WASHINGTON — President Bush and his Democratic challenger, Massachusetts Sen. John Kerry, took each other to task Tuesday over economic policies, as Kerry talked up his trade platform at a town hall meeting in North Carolina.

“Because of George Bush’s wrong choices, this country is continuing to ship good jobs overseas — jobs with good wages and good benefits,” Kerry said in remarks prepared for delivery at the meeting in Greensboro, N.C.

Greensboro is home to major fabric mills, including International Textile Group and Guilford Mills, both of which have cut payrolls significantly in recent years. The Kerry campaign said that the nation has lost about 2.3 million manufacturing jobs since Bush took office in 2001. North Carolina has dropped 160,000 jobs since Bush was elected in 2001, with about 61,000 coming from the textile and apparel industries.

With less than two months to go in the campaign, Bush pulled ahead in the polls after last week’s GOP convention in New York. The latest poll, released Monday by Gallup for CNN and USA Today, gives Bush a 52 percent share of the vote and Kerry 45 percent. The survey was based on interviews with 778 likely voters.

Seeking to gain ground, Kerry took on the issue of U.S. companies moving jobs overseas, a practice known as offshore outsourcing. He wants to remove a tax incentive that allows U.S. companies operating abroad to delay paying taxes until earnings are repatriated. As an incentive to increase U.S. investment, Kerry would offer a one-time tax holiday to repatriate earnings to encourage U.S. investment.

While he has said he supports international trade, Kerry has indicated that he would review all trade pacts to weigh whether U.S. businesses are being treated equitably against foreign competition. Kerry also wants to lower the corporate tax rate to 33.25 percent from 35 percent for U.S. businesses.

In response to Kerry’s appearance, the Bush campaign pointed out that some of the challenger’s backers have moved jobs abroad, and raised the specter of sweatshops.

The Bush campaign in a statement noted that one of Kerry’s backers is Democratic contributor and Esprit co-founder Susie Tompkins Buell and cited a 1993 Labor Department sweep of the San Francisco garment district that found three Esprit contractors violated federal wage laws.

This story first appeared in the September 8, 2004 issue of WWD. Subscribe Today.

Buell, who is no longer associated with Esprit, said through a spokeswoman the contractor violations occurred “such a long time ago” and at the time she “wasn’t running the day-to-day operations” of the retailer, which was sold in 1996.

“Nothing surprises her,” regarding the Bush camp’s attacks, said Buell spokeswoman and political adviser Andrea Dew. “She feels she wants to talk about the issues facing the country today, just like John Kerry.”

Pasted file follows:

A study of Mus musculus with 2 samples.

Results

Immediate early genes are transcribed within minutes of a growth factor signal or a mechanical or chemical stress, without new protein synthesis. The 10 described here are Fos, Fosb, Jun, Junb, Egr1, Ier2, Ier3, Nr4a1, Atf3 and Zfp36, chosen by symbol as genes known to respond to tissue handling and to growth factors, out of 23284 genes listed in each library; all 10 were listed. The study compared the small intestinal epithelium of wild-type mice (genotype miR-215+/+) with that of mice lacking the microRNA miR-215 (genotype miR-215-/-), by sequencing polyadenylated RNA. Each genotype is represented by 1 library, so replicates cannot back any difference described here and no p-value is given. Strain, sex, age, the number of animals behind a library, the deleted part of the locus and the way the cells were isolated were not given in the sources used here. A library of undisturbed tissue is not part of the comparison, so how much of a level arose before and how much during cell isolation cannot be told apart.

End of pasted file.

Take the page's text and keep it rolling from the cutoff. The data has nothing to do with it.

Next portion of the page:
The Bush campaign statement said: “Kerry’s own list of business supporters includes outsourcers… He has even said he would support companies taking jobs overseas in the normal course of business. Kerry’s shifting positions on outsourcing are another reason that he faces a credibility problem with the American people.”

The statement also noted that Kerry’s national finance chairman Lou Susman and former Clinton administration Treasury Secretary Robert Rubin are top officials at Citigroup, which the statement called an outsourcer.

Bush continues to look favorably on the state of U.S. manufacturing and views signing more trade pacts as key to staying competitive, while enforcing trade agreement rules of fair competition. He wants to increase job training for dislocated workers and create “opportunity zones” for areas hit hard by job losses, where corporate taxes would be lowered and housing and training benefits would be increased.

Bush, in a Tuesday campaign stop in Lee’s Summit, Mo., also said he would reform the tax code, pension plan rules and health insurance availability. The President has been slim on details of tax code reforms.

“We’re going to transform those systems…so all citizens are equipped and prepared and thus, truly free, to make your own choices so you can pursue your dreams,” Bush told supporters, according to a transcript.

Jim Chesnutt, a North Carolina textile mill owner and a Republican who hasn’t made up his mind regarding Bush versus Kerry, said, “I’m not hearing the right answers from anyone.”

Chesnutt, president and chief executive of 1,100-worker National Spinning, Washington, N.C., called Kerry’s plan to reduce corporate taxes by 1.75 percent “a token amount” and added that he’s angry at Bush’s expansive trade policies, which he argues are stacked against U.S. producers being competitive. Chesnutt wants a candidate to support curbs on Chinese textile and apparel imports causing U.S. market disruption and better policing of trade agreements, which he said have fallen short under Republican and Democratic administrations.